Will Dems get to 60 seats in the Senate?

It still looks unlikely, but Democrats could lock up a filibuster-proof majority if a few things go their way.

By Alex Koppelman
Published October 30, 2008 8:15PM (EDT)

Elsewhere on Salon today, both Mike Madden and I have articles discussing Senate and House races and the possibility that Democrats will pick up a large number of seats in both bodies this year, maybe even more than they did in 2006. (Madden's piece is here; mine, which focuses specifically on African-American turnout, is here.)

Probably the most significant question here is whether Democrats can win enough Senate seats to get to 60, the number of votes needed to override a filibuster. So far, it looks unlikely, but if a few things go the party's way, it just might happen.

Right now, there are 49 Democrats in the Senate, and two additional senators who caucus with the party -- Vermont's Bernie Sanders and Connecticut's Joe Lieberman. So Democrats need to pick up nine seats to get a filibuster-proof majority, 10 if they want to kick out Lieberman.

Right now, we can comfortably say that there'll be at least four pickups: Colorado's open seat, New Mexico's open seat, Virginia's open seat and Ted Stevens' seat in Alaska. Then there are an additional three seats that seem likely to flip. New Hampshire's John Sununu looks likely to lose his reelection battle, as do North Carolina's Elizabeth Dole and Oregon's Gordon Smith.

That's a net of seven seats for the Democrats, bringing them up to 58. The question is where the additional two or three seats will come from.

Looking at the list of races, there are really only four other competitive battles remaining. Democrats will need to win at least two, if not three, of these -- and right now, that seems like a very difficult task (or they'll need to persuade someone to switch sides after the election).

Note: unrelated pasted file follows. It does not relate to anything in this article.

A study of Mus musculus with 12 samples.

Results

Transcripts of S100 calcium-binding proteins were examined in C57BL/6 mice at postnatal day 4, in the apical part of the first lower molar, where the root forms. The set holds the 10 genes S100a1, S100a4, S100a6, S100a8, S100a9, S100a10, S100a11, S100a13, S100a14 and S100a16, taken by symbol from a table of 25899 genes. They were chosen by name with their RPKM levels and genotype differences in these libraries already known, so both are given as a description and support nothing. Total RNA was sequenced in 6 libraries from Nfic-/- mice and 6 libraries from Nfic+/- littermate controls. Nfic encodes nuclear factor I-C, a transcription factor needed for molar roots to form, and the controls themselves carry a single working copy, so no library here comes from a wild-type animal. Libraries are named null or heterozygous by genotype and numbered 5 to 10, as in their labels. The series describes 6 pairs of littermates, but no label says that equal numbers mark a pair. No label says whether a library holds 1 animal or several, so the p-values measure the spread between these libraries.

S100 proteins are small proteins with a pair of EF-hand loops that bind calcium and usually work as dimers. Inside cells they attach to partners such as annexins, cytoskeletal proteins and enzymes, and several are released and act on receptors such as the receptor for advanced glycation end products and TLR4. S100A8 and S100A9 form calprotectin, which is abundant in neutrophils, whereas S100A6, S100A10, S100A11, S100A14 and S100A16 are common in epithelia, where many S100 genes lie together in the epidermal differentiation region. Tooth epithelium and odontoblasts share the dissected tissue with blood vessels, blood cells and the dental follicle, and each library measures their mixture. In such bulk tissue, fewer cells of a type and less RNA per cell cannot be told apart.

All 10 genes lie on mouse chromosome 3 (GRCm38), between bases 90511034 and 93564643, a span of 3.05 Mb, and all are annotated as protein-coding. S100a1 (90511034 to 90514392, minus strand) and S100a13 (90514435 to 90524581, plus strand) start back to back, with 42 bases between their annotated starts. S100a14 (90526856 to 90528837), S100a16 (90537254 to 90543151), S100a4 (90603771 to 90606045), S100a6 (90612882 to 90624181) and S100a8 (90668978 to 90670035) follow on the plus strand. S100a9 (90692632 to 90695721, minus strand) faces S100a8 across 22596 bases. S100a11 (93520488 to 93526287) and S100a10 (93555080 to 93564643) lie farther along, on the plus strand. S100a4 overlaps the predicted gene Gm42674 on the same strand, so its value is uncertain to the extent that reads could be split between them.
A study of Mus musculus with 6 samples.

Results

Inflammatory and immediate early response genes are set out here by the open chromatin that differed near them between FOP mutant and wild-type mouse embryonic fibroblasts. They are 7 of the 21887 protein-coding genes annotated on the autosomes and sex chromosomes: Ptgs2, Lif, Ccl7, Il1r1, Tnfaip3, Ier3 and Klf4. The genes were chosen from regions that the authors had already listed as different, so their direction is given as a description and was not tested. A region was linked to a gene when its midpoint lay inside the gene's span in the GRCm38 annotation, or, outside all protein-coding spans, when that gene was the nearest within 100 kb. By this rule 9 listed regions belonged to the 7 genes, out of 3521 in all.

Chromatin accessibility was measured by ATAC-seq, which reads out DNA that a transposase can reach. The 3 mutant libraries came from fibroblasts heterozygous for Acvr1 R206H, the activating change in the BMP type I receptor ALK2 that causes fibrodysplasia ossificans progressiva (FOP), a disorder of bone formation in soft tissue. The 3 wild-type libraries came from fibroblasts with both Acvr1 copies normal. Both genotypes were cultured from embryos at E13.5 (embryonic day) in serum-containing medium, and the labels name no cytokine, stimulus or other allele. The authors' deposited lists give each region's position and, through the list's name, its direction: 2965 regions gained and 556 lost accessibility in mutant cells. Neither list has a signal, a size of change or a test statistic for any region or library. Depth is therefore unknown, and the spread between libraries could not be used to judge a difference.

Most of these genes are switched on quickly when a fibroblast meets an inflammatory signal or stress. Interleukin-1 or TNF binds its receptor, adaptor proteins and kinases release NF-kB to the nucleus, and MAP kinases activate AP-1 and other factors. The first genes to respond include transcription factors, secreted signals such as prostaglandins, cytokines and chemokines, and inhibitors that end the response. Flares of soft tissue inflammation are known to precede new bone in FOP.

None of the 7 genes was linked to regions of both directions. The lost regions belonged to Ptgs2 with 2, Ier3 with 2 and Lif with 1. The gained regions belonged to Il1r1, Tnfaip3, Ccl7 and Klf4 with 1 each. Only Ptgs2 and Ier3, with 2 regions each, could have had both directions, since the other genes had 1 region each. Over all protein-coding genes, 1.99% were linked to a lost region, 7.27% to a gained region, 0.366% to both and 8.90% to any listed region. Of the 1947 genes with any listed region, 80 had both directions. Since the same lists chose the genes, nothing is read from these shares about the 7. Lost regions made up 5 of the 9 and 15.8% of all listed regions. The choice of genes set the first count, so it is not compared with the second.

Those four races are: Georgia, where Jim Martin hopes to unseat Saxby Chambliss; Kentucky, where Minority Leader Mitch McConnell is fighting for his political life; Minnesota, where Al Franken is taking on incumbent Norm Coleman; and Mississippi, where Ronnie Musgrove is going after Roger Wicker, who replaced Trent Lott.

Initially, it looked like the Coleman/Franken race might be the best bet for a Democratic win out of those four races, but Franken hasn't been able to catch up to Coleman, and he'll need some luck to get over the top come Election Day. Wicker has a double-digit lead over Musgrove, so that will be tough as well. McConnell appears vulnerable, but he's been doing better lately, so that also might be a long shot.

I think the Democrats' best chance is probably in Georgia. Chambliss hasn't been leading by that much, and the surge in black voters we've seen so far in that state could mean that the pollsters' models are off and understate his challenger's support. The caveat there, though, is that if neither candidate gets a majority on Election Day, there'll be a runoff in December, and it might be tough to sustain the high turnout then, once the excitement of the presidential election has worn off. (African-American turnout could also do some serious damage to Wicker, but maybe not enough to unseat him.) After that, it seems as if the Coleman/Franken race is the next most likely to result in a pickup.

Alex Koppelman

Alex Koppelman is a staff writer for Salon.